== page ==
The problem with Israeli politics is not a matter of left or right, nor is it about supporting or criticizing the attorney general or the state prosecutor.
Criticizing the judiciary and law enforcement is very much legitimate in an correctly functioning country such as Israel.
The problem is the style in which it is done, and the vulgarity that has overtaken public discourse.
This week, journalists Guy Peleg and Amit Segal revealed recordings of Attorney General Avichai Mandelblit both before he assumed his current position and after.
In the recordings, Mandelblit is heard slamming then-state prosecutor Shai Nitzan during a conversation with the disgraced former head of the Israel Bar Association Efi Nave, who is currently facing his own criminal charges.
The revelation of the recordings was worthy, as it served to raise a lot of questions that need answering.
But then the coalition chairman, Likud MK Miki Zohar, apparently decided to prove to the public there is actually a far graver problem with the tone of political debate than had previously been thought.
After the release of the recordings, Zohar went on the radio to launch a horror show of threats against Mandelblit.
If you don’t quit, Zohar told the attorney general on live radio, if you don’t drop the criminal charges against Prime Minister Benjamin Netanyahu, more recordings will be revealed.
Netanyahu, to his credit, immediately distanced himself from this shameful display. And shortly afterwards Zohar himself retracted his threats.
This was not the first example of public gutter talk this month. Ten days ago, former soccer star and current talk show host Eyal Berkovic branded the Likud party “a gang of criminals.”
This was an unnecessary slur that somehow did not elicit any reaction from Berkovic’s editors on the show.
But then Transportation Minister Miri Regev, herself a Likud MK, took it upon herself to go on Berkovic's program.
And, as if determined to prove Berkovic’s point, Regev began spewing threats that she would deny him the chance to manage Israel’s national soccer team until he apologized.
The Likud party is not a gang of criminals, but Zohar and Regev’s recent mafia-like threats prove that Israeli politics is falling into a frightening place.
The parade of shameful showings from politicians continued this week and took a turn from mafia-like to outright disgraceful when Likud MK Keren Barak let loose in the Knesset on two lawmakers from her own party, May Golan and Osnat Mark.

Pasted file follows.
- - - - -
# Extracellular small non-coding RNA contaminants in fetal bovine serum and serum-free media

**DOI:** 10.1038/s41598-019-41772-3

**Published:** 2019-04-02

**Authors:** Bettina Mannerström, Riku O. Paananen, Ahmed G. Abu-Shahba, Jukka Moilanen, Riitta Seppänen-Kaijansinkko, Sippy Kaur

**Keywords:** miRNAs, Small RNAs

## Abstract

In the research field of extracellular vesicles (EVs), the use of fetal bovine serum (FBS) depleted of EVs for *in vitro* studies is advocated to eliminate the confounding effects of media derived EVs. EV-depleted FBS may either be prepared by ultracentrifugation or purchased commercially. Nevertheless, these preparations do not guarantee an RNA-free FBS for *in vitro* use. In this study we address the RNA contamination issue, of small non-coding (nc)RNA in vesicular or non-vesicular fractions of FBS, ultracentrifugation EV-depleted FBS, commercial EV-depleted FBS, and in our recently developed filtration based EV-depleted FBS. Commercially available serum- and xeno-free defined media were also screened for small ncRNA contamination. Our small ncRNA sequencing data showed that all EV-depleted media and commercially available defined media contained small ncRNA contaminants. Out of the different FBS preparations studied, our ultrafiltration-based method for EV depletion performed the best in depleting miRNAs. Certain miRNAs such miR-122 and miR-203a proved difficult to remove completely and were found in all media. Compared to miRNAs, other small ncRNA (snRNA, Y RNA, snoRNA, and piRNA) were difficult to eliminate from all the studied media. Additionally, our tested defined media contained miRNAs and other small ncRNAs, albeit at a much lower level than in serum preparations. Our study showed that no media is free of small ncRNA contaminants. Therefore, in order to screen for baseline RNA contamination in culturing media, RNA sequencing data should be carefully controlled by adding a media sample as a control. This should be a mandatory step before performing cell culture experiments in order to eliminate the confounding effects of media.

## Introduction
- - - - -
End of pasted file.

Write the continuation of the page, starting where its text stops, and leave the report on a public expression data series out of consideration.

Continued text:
“You and that other idiot blonde," she told Golan, "the heel on the sole of my shoe is worth more than you.”
The cause of the outburst is not important. There have always been and will always be arguments in the Knesset, but not in such a shameful and derogatory style.
The Knesset includes many serious people, both on the right and the left. Only a few weeks ago we witnessed a speech by Blue & White MK Tehila Friedman, who said: “I seek to forge an alliance of moderates, with all the forces from all sectors, who understand this challenge called coexistence."
It was a somber and moving speech, but Friedman - who showed that she doesn't need to curse, threaten or call anyone an idiot - has not been heard in the Knesset since.
There are quite a few like her, who do honest parliamentary work even during these times of adversity.
Even so, the vulgarity and the mafia-like attitude we have all been exposed to at the hands of several of our politicians serves to plunge Israeli politics to a new low.
The Knesset has an ethics committee that can sanction MKs who step out of line. One example is former Likud MK Oren Hazan, who was repeatedly banned from Knesset meetings due to his questionable conduct, until he was finally ousted by his party.
Today, it seems Hazan has quite a few heirs to his throne of vulgarity.
One can only hope the ethics committee will step in to turn the tide - for the sake of the Knesset and the entire country.